Please don't write anything in this box. It's here to trick the robots.
Follow Cycle Traveller on PinterestFollow Cycle Traveller on InstagramFollow Cycle Traveller on LinkedInFollow Cycle Traveller on GoogleFollow Cycle Traveller on FacebookFollow Cycle Traveller on Twitter.

Add new comment

Thanks for the great article.

A friend of mine was in a hurry home recently with his beloved Ellsworth (ie. $$$) bike on his roof. He's had a bad day, traffic had been bad, his daughter was doing what tired kids do, mum was upset etc. and it was pouring.

Automatic roller doors are great things and so he hit the button and drove in in a cranky fashion. He said the force, the cracking and the rip to the roof of his shiny BMW wagon was "quite something" and unexpected. Really made his day. Bike was less damaged than expected - was a quality rack and must have given way to protect the bike. Car roof damage was heavy.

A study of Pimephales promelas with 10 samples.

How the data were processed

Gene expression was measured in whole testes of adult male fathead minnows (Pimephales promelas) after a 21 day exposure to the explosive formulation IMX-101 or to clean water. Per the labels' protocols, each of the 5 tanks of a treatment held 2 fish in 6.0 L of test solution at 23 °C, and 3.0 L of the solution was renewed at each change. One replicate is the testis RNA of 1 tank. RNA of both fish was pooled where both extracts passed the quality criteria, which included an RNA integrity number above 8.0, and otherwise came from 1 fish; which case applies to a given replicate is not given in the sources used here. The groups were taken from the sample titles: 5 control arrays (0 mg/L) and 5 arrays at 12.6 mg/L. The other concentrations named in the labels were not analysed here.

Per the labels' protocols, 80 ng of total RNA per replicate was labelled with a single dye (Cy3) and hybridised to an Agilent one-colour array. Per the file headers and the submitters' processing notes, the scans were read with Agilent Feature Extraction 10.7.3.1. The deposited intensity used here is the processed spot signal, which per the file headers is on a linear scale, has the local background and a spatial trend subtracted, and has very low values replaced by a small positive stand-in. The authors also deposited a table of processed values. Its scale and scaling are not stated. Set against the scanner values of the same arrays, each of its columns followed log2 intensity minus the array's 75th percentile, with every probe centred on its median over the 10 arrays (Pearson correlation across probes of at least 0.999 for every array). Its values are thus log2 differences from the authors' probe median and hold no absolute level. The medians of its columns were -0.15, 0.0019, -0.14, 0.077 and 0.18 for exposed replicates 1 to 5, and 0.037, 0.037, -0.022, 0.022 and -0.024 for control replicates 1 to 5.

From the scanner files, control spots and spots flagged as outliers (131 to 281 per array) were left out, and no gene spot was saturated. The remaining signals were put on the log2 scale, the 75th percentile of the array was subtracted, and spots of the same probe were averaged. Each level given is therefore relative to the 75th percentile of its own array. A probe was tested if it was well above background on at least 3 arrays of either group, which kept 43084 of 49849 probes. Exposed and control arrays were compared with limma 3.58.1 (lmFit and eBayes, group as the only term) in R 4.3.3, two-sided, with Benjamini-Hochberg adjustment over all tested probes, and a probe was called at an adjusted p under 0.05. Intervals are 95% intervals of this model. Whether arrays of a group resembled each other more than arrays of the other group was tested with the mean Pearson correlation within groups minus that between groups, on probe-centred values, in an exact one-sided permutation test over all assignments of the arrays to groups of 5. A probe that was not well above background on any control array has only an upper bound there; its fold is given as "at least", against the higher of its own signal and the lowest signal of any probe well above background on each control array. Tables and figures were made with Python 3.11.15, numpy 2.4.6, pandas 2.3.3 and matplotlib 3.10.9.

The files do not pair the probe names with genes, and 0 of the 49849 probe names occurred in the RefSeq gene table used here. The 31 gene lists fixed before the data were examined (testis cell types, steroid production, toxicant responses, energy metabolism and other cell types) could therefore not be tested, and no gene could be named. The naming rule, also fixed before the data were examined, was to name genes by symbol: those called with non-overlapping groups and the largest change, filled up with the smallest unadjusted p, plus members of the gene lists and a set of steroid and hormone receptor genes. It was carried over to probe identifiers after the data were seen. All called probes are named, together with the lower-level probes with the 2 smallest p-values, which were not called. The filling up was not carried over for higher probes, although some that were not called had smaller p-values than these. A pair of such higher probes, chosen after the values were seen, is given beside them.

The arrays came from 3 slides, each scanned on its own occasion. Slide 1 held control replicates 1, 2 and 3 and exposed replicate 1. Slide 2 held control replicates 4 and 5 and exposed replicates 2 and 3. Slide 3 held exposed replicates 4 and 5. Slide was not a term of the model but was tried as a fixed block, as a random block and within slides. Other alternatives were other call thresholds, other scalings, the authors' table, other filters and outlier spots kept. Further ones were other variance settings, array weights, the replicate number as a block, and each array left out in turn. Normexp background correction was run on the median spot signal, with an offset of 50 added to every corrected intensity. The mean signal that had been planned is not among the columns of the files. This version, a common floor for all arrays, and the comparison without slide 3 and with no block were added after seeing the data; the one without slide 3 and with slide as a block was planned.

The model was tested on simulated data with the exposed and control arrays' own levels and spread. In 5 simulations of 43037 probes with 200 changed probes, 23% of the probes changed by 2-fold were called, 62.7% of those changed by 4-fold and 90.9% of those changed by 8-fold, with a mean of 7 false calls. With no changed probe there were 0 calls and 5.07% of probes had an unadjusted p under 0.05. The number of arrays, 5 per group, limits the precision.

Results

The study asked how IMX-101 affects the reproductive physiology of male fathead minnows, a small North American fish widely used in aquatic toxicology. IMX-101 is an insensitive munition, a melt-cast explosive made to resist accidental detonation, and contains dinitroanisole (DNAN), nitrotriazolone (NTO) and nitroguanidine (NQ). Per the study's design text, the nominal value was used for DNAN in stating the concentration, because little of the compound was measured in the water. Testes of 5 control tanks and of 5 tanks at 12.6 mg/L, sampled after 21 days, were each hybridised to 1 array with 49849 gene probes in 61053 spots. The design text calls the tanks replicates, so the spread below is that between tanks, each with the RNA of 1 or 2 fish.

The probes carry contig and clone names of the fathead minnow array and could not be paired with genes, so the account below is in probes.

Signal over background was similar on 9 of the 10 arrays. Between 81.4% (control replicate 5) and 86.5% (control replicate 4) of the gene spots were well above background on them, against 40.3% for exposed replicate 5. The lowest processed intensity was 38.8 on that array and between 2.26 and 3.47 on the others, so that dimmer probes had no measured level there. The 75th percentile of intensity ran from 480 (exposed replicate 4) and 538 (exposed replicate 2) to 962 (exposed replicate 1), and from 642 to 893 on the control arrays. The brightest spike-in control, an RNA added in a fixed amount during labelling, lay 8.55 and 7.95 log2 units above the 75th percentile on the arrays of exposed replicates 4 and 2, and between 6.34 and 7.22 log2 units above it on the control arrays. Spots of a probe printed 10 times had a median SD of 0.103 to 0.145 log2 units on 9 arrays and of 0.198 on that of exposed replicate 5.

A few weeks later, car was fixed at great expense and bike was back on the road. He'd had a great day out mountain biking with a mate and they were heading home, again in rain. On the hunt for a bottle shop his mate spotted one and Alex swung in, again perhaps a little faster than necessary. You can imagine...

This time - two bikes and enormous damage to the roof of the car and even some to the bottle shop entrance. Very expensive lessons!

My preference is to always carry my bikes on a rear-mounted rack as I don't trust myself! Important to take care of rub points - I use cloth (artificial chamois) and tape to make sure frames don't rub when on long trips. Also useful to prevent harsh scratching damage to the car.

Dave from Sydney

Plain text

  • No HTML tags allowed.
  • Web page addresses and e-mail addresses turn into links automatically.
  • Lines and paragraphs break automatically.
Please don't write anything in this box. It's here to trick the robots.